Come rain or shine, Wimbledon fans flock to cream of tennis
A wet start failed to dampen the spirits of the thousands of fans who flocked to the Wimbledon tournament on Monday for the start of two weeks of strawberries and cream, lawn tennis and "Henmania".india Updated: Jun 23, 2003 22:48 IST
A wet start failed to dampen the spirits of the thousands of fans who flocked to the Wimbledon tournament on Monday for the start of two weeks of strawberries and cream, lawn tennis and "Henmania".
Die-hard fans who camped outside the grounds of the All England Club overnight in the pouring rain were rewarded with a change in the weather as the sun shone down on the first day of the grasscourt Grand Slam.
Among the first to stream through the gates of the grounds was Mark Cruttenden, a 46-year-old security guard from south London wrapped in a St George's flag.
"It's been a bit chilly this morning but the rain hasn't dampened my spirits at all," he said.
"Normally I'm about fourth or fifth in the queue every year and this year has been no different," added Cruttenden.
Among the others at the front of the queue for tickets were American pair Cathy Sanford, 72, and Mary Peeters, 60, who travelled all the way from Santa Barbara in California especially for the championships.
Asked why, Cathy simply replied: "Because it's Wimbledon, because of the tradition, and because this is one of the most special Grand Slams ever."
But she added: "This has to be the worst weather on the first day of the competition that I can ever remember and I've been coming since 1988."
Up to half a million fans are expected to throng the grounds of the 126-year-old annual championships for a fortnight of pomp, ceremony and tennis tradition, come rain or shine.
The gates opened against a backdrop of heightened security amid the threat of terrorism and stalkers, with fans shrugging off new measures such as random body searches introduced for the first time ever.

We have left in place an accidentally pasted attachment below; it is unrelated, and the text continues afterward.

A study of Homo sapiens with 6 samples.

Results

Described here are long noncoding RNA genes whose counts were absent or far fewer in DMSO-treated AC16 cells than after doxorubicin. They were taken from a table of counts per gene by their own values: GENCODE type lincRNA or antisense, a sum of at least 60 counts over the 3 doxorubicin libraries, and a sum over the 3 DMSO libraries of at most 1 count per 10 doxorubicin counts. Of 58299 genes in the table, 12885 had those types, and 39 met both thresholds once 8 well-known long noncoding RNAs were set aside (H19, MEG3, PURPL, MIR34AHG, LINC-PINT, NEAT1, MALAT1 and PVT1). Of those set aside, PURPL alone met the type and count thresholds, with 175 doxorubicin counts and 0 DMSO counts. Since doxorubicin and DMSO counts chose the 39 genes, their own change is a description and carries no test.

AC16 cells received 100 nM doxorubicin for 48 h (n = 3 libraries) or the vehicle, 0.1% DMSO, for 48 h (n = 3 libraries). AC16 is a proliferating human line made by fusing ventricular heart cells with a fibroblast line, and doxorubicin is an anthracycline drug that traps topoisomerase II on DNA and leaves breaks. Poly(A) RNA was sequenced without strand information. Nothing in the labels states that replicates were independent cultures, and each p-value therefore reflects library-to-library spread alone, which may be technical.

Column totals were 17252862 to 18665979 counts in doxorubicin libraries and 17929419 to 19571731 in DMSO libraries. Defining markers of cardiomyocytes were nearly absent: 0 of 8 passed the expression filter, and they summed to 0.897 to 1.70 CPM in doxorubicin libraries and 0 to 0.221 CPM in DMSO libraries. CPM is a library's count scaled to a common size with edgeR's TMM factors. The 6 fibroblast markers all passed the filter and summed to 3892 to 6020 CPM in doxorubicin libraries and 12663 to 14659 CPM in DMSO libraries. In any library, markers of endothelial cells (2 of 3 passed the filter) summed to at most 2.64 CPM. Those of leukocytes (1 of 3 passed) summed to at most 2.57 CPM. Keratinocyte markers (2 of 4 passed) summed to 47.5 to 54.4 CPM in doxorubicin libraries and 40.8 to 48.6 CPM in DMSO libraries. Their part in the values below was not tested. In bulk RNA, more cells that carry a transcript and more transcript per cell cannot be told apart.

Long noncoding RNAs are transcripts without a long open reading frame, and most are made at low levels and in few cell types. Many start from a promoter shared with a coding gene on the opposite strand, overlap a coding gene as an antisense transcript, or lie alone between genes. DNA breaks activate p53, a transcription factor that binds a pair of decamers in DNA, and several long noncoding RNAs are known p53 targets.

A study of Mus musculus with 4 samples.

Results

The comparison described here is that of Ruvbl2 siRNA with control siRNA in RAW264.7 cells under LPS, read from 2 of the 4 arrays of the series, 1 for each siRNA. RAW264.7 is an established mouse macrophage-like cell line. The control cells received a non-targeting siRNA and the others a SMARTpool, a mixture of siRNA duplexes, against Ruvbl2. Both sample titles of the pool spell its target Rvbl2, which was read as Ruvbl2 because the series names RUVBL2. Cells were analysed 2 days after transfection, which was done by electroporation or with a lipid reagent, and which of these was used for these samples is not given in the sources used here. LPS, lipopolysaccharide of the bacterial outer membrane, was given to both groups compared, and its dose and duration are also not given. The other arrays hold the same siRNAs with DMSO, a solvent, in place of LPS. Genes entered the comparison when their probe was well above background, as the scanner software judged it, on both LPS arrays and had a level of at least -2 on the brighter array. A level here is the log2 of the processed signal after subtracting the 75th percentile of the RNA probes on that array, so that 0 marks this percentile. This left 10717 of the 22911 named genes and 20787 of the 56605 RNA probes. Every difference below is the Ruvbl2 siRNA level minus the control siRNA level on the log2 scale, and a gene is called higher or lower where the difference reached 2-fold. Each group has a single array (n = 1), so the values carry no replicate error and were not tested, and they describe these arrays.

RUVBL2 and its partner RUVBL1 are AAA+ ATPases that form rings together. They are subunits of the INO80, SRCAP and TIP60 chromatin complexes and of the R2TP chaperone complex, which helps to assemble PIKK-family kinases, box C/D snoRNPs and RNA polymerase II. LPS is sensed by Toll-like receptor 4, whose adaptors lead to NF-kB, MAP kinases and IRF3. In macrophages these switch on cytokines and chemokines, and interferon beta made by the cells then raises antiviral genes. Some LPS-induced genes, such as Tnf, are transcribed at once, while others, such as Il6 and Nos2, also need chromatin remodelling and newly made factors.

Though police could be seen patrolling the event in pairs, most appeared relaxed, with some even finding the time to peer over the fences to enjoy a spot of tennis.
After the rain clouds cleared, fans basked in British summer sunshine, with many nibbling on the traditional tournament snack of strawberries and cream, and sipping Pimms and lemonade.
A staggering 27,000 kilos of strawberries and 7,000 litres of cream are expected to be sold over the next two weeks.
One fan indulging in the traditional Wimbledon snack was Margaret Chapman, 62, from London.
She was among the many on "Henman Hill," the picnic area where fans unable to get a courtside seat to watch Britain's perennial favourite Tim Henman follow his matches on the big screen.
"It's perfect weather for watching tennis," said Chapman, who was also unperturbed by the beefed-up security measures at the tournament.
"They checked very thoroughly when you come in. They obviously have ample security about," she added.
But unlike Henman fans, Chapman will be rooting for a win by British rival Greg Rusedski, firing on all cylinders after romping to victory in the Nottingham tournament in central England on Saturday.
Henman fans have to wait until Tuesday for a glimpse of their idol, who for two weeks every year replaces England captain David Beckham as the man carrying the hopes of the nation on his shoulders as "Henmania" grips the country.
Four times in the last five years, the British number one has advanced to the semi-finals only to crash out just as the biggest prize in tennis appears to be within his grasp.
But his army of fans will never give up hope that their Tim will be the man to finally end Britain's 67-year wait for a home-grown champion.